Tenancy deposit disputes can arise for a number of reasons, such as the late protection of a tenancy deposit paid in relation to an assured shorthold tenancy, disputed damages among many other reasons. The deposit disputes we deal with vary from both residential and commercial property.

Common deposit matters:

  • Defend or counterclaim a claim made against a landlord or agent under s.214 of the Housing Act 2004
  • Damage disputes (Dilapidations)
  • ADR (alternative dispute resolution)
  • Seeking a court order for tenancy deposit to be released to the landlord or agent

You can contact our experts for advice on what action and remedies may be available and how we can help.

Tenancy deposit paid in relation to an assured shorthold tenancy must be protected within 30 days of such monies being paid, the prescribed information relating to the tenancy deposit must also be served upon the tenants and relevant person. The relevant a person is someone who may have paid the deposit on behalf of the tenant.

Where the tenancy deposit was not protected within the required time limit, the tenant is entitled to make a claim against the landlord or agent to claim from 1-3 times the value of their tenancy deposit in addition to the return of their deposit or for a judgement ordering the landlord or agent to protect the tenancy deposit.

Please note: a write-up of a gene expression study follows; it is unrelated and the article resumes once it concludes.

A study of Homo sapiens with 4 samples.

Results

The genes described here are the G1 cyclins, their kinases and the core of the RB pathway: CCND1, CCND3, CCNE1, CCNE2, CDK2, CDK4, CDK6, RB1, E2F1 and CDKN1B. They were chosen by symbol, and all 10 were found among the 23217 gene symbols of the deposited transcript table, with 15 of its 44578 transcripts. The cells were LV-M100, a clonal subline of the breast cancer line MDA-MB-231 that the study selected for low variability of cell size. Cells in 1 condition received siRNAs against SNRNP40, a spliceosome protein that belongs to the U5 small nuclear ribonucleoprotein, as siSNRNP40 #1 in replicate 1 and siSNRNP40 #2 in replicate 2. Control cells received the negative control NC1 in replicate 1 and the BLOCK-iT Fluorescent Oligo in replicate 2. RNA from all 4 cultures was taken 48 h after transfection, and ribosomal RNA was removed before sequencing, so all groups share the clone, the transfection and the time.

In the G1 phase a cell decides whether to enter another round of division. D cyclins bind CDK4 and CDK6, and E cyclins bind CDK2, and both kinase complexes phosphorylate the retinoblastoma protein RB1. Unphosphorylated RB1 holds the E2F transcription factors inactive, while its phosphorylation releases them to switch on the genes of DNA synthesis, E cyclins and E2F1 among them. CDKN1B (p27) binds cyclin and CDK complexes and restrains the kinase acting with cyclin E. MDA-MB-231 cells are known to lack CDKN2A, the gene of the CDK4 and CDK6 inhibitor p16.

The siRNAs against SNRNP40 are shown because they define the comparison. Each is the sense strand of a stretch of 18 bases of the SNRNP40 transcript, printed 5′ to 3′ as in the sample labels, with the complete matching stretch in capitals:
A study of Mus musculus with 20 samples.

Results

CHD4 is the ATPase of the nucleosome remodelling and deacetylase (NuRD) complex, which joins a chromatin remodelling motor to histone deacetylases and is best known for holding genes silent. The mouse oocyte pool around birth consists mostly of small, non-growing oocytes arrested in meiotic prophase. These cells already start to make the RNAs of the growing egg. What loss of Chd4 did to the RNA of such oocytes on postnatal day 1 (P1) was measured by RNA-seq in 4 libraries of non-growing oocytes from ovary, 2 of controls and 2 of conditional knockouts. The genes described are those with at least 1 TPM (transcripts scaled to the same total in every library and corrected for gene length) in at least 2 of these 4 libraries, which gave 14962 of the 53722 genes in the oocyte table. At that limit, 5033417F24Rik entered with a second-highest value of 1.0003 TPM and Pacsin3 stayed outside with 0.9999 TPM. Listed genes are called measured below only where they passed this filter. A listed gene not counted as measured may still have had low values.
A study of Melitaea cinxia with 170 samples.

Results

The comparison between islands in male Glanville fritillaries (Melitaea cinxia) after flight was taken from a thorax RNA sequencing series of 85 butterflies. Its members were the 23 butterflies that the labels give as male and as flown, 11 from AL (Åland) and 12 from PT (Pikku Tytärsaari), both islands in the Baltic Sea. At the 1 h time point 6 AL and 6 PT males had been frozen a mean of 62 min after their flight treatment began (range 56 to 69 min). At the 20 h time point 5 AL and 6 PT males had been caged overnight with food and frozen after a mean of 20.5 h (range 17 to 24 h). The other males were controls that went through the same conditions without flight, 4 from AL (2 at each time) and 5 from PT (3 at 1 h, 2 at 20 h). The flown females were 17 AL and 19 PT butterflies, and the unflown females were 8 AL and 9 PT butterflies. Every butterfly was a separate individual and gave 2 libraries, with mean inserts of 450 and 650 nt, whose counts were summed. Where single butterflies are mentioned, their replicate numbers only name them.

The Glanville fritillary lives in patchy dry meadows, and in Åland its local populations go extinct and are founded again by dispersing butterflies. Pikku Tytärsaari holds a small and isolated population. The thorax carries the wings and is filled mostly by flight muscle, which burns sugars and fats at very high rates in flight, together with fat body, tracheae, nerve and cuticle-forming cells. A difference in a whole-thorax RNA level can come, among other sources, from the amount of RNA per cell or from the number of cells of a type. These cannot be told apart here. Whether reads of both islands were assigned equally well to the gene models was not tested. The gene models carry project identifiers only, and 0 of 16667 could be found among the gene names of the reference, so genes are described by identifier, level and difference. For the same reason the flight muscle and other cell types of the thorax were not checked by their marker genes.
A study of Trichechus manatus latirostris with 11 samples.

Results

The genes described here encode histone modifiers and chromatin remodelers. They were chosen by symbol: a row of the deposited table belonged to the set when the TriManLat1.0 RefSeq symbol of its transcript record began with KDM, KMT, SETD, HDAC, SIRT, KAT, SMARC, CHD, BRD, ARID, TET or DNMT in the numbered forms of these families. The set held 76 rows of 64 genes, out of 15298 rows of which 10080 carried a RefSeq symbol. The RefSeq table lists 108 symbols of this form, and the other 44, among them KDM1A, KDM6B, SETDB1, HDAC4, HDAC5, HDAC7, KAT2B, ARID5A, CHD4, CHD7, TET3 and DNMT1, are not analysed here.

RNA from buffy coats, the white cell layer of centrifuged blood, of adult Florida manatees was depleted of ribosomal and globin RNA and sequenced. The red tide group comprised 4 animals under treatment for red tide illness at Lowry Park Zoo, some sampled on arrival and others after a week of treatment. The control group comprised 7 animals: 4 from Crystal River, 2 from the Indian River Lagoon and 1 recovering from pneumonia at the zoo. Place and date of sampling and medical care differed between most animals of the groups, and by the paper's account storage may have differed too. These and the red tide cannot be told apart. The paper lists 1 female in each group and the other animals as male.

Where the tenancy deposit scheme requirements of not been met, the landlord is prevented from serving a section 21 notice. Landlord Advice UK have successfully argued time and time again that even where the tenancy deposit is protected late, so long as the tenancy deposit is protected and prescribed information served upon the tenant (whether in time or not) before the section 21 notice is served, the landlord can serve a valid section 21 notice.

However, the court of appeal have since ruled that if the tenancy deposit scheme requirements have not been complied with the tenancy deposit must be returned to the tenant or relevant person before a section 21 notice can be served. This precedent was set by the case:

Following this judgement, tenant advice services commonly advise tenants not to accept their tenancy deposit to prevent or delay eviction, this has become a problem for a number of landlords.

In the case Yeomans v Newell in the County Court at Canterbury on 25 May 2016 the court ruled that where a cheque for the return of the tenancy deposit is posted to the tenant, from the date the cheque is received by the tenant the deposit is available to the tenant and considered as returned in full from that date whether or not the cheque is cashed (possibly from the precedents set in the case Coltrane v Day [2003] EWCA Civ342).

What this means is that once the tenant has received the cheque, a section 21 notice can be served even if the cheque has not been cashed.